More Evidence Supports an Enterovirus-AFM Link

Alexandra Ward

Enterovirus-specific antibodies were detected in the cerebrospinal fluid of 79% (11 of 14) of the AFM cases included in a new study.

New research presents additional evidence bolstering the argument that enterovirus infection may be the cause of acute flaccid myelitis (AFM), the “polio-like” disease that primarily affects children.

A team of investigators from the Center for Infection and Immunity (CII) at Columbia University Mailman School of Public Health, the US Centers for Disease Control and Prevention (CDC), and the University of California, San Diego analyzed the cerebrospinal fluid of AFM patients in search of enterovirus antibodies.

According to the CDC, there have been more than 570 cases of AFM in the United States since 2014, with patients reporting extreme weakness in 1 or more limbs, even partial paralyzation, usually within a month of a respiratory or gastrointestinal illness. Investigators hypothesize that a pathogen may be responsible for AFM, and a bulk of the research to date has been focused on identifying one.

The new study, funded by the National Institute of Allergy and Infectious Diseases, part of the National Institutes of Health, and published in mBio, included 14 patients with confirmed AFM (all but 1 were pediatric patients with a median age of 3 years [range, 1 to 7 years]; 69% male) and a control group made up of patients with either a non-AFM central nervous system or inflammatory disease.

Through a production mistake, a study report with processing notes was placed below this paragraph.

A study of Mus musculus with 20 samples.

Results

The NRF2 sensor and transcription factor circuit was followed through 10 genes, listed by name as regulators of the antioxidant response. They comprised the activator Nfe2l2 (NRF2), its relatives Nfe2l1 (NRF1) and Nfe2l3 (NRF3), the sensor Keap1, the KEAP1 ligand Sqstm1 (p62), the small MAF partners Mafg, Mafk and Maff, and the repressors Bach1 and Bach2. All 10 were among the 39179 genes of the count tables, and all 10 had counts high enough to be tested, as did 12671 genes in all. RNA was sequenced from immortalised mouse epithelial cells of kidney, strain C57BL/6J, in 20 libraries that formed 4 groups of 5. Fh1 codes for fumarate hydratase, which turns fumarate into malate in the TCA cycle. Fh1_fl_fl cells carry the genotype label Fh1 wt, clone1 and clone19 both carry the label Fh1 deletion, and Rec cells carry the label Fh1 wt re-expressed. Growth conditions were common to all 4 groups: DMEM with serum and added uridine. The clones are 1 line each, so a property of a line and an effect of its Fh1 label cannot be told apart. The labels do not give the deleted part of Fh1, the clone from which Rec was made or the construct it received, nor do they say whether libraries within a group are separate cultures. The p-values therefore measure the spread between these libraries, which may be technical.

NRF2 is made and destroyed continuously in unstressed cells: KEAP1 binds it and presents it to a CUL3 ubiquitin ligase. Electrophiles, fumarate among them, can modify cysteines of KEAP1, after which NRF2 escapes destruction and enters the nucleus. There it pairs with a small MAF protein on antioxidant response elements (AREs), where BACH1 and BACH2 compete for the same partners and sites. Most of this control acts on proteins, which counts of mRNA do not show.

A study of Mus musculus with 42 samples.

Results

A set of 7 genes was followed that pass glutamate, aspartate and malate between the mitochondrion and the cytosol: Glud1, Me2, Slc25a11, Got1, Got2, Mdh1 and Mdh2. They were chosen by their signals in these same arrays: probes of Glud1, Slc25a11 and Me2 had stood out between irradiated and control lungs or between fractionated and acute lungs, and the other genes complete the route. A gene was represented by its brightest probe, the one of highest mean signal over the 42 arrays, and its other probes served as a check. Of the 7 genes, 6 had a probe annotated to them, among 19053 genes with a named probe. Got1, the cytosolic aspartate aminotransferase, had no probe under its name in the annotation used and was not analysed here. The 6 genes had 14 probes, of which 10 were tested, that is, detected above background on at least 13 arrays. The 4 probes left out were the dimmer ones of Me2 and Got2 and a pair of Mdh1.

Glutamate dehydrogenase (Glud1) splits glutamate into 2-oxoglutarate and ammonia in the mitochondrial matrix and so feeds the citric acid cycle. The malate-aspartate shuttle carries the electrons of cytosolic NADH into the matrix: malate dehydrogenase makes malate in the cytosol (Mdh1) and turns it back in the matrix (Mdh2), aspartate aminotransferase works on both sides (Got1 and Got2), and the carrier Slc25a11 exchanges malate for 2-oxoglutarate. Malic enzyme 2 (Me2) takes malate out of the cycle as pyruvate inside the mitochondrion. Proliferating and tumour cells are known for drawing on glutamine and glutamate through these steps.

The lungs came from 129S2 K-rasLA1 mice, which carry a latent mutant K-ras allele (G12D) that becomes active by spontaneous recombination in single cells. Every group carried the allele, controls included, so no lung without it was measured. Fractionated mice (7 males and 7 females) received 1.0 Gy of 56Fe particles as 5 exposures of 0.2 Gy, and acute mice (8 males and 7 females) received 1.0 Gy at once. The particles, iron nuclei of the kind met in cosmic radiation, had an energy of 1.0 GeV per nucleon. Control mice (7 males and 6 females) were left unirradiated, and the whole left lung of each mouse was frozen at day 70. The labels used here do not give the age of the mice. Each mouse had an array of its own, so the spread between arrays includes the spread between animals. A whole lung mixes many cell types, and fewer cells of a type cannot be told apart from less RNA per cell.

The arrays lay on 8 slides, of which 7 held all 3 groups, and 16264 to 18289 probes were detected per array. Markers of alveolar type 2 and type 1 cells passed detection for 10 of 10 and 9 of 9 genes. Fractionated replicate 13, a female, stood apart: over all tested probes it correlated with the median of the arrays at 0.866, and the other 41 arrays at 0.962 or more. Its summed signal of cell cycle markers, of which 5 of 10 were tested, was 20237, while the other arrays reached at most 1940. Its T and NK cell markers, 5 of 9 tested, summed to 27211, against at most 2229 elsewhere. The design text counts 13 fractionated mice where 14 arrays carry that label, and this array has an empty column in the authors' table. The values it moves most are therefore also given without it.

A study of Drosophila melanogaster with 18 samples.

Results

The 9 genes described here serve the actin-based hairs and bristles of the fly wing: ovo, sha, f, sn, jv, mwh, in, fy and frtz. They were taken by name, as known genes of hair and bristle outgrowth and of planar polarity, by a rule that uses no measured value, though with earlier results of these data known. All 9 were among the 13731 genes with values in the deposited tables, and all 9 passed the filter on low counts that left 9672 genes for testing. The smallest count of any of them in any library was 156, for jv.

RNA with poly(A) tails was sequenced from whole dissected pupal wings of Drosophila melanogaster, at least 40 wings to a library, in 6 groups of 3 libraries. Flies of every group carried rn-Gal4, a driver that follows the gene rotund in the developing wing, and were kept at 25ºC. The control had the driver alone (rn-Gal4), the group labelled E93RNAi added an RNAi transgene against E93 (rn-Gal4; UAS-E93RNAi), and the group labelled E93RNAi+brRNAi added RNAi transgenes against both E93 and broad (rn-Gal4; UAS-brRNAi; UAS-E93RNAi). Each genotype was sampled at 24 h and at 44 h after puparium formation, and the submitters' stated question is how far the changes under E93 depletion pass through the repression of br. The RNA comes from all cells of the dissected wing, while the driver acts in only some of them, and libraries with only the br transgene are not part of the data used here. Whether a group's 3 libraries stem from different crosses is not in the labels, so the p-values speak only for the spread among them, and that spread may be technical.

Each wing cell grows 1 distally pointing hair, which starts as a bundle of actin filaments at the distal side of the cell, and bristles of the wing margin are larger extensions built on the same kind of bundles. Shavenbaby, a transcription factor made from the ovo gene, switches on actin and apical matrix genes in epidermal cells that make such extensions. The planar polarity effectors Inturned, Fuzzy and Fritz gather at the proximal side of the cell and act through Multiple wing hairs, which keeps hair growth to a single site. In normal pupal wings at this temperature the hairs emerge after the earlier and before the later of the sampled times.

Investigators used 2 methods to test study participants for enterovirus antibodies; first, they ran cerebrospinal fluid samples from the 14 patients in the AFM arm and 5 patients in the non-AFM control group through a specialized high throughput sequencing technology developed by CII called VirCapSeq-VERT. Second, they processed the same 14 AFM cerebrospinal fluid samples and blood serum, along with cerebrospinal fluid samples from 11 non-AFM adults with a central nervous system condition and 10 non-AFM children with Kawasaki disease, using high density peptide microarrays that span all the capsid proteins of all species of human EV (species EV-A, EV-B, EV-C, and EV-D).

Nischay Mishra, PhD, associate research scientist at Columbia University’s Mailman School of Public Health and lead author on the study, explained his team’s key findings.

“Our study strongly supports the plausibility of a link between EV-D 68 infection and AFM,” he told Contagion®. “Antibodies to enteroviruses were present 11 of 14 AFM patients (79%), significantly higher than controls. Eight of 11 AFM patients (73%) were immunoreactive to an EV-D68-specific peptide, whereas the 3 control groups were not immunoreactive.”

According to Mishra, the biggest takeaway for clinicians is, moving forward, to keep updating themselves on AFM and report to agencies if they come across any cases.

“Collect and store samples with CDC recommendations,” he advised, “[and] provide more and more information to families and parents about the ill one so they do not panic. Pediatricians should contact infectious diseases specialists in case they have more questions.”

For the most recent AFM case counts in the United States, check out the Contagion® Outbreak Monitor.